Art for all – how copyright law should change

If you research art history, you know how hard it can be to track down an image of a work of art. Most works are in private collections, and the works of any given artist are usually spread far and wide. In many cases, sketchbooks and other key sources have been broken up, and even tracing the location of the fragments can be incredibly hard. Generally speaking, oil paintings by the most famous painters are most accessible, and some online catalogues raisonnés are being set up to make research even simpler.

Copyright law across the EU and much of the rest of the world makes provision for certain types of ‘fair use’, which includes education and research. However there are grey areas, and existing laws are quite pre-digital in their approach. For instance, I can point you at blogs which contain large numbers of images of paintings which I know are still subject to copyright.

In this blog, I assume that any words or images created by living authors and artists are covered by copyright, unless they have made it clear that the words or images in question are free of copyright – Creative Commons, WikiArt, and the equivalent, and even then I try to ensure that they are properly credited. However in another article, I provided a link to Peter Doig’s paintings, because I did not see any clear release of the posted images from the protection of the law. This is not just a matter of trying to stay squeaky clean, but of ensuring that I respect the copyright holder’s rights (one of my issues with the Luc Tuymans case, you will recall).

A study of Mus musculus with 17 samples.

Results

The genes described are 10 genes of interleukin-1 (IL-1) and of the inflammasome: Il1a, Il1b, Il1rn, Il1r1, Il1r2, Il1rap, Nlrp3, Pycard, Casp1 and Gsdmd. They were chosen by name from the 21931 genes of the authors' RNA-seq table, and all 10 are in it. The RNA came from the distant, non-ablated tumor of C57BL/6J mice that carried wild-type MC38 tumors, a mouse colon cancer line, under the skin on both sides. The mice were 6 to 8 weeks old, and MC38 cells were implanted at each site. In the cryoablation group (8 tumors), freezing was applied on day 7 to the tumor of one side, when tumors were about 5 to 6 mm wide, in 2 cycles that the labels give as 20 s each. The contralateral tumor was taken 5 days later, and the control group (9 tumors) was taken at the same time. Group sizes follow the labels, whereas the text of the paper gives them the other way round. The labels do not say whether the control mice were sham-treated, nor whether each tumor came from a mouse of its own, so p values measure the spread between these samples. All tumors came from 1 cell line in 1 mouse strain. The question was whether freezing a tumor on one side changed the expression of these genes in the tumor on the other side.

We need copyright law to be brought into the 21st century and make clear what is and is not acceptable. I know that is bad business for lawyers, but it is very good for the rest of us, and an important aim for lawmakers.

And among those rights of free use, I would like to see a right to use (at least) for non-commercial purposes, including free blogs, images not exceeding, say, 1,500 by 1,500 pixels in size. This would enable blogs like this, and most papers, to show images of acceptable size of any work of art, whether or not the work was still covered by copyright.

My motives (other than making these pages prettier and covering more painters) are to promote art, not to detract from fair rewards to artists.

Works of art are a form of communication, and they become more effective and successful when they communicate with the widest of audiences. Too many great paintings, sculptures, etc., have disappeared behind closed doors, to be appreciated by very small numbers of people. Making medium resolution images available, and freely usable for non-commercial purposes, would give the world access to those treasures, and enrich humanity as a whole.

This would not force owners of artworks to make images available, nor would it have any significant adverse impact on the artists, the art industry, or collectors/owners. Indeed I think that every artist would be pleased if more people were able to enjoy their work. Don’t you?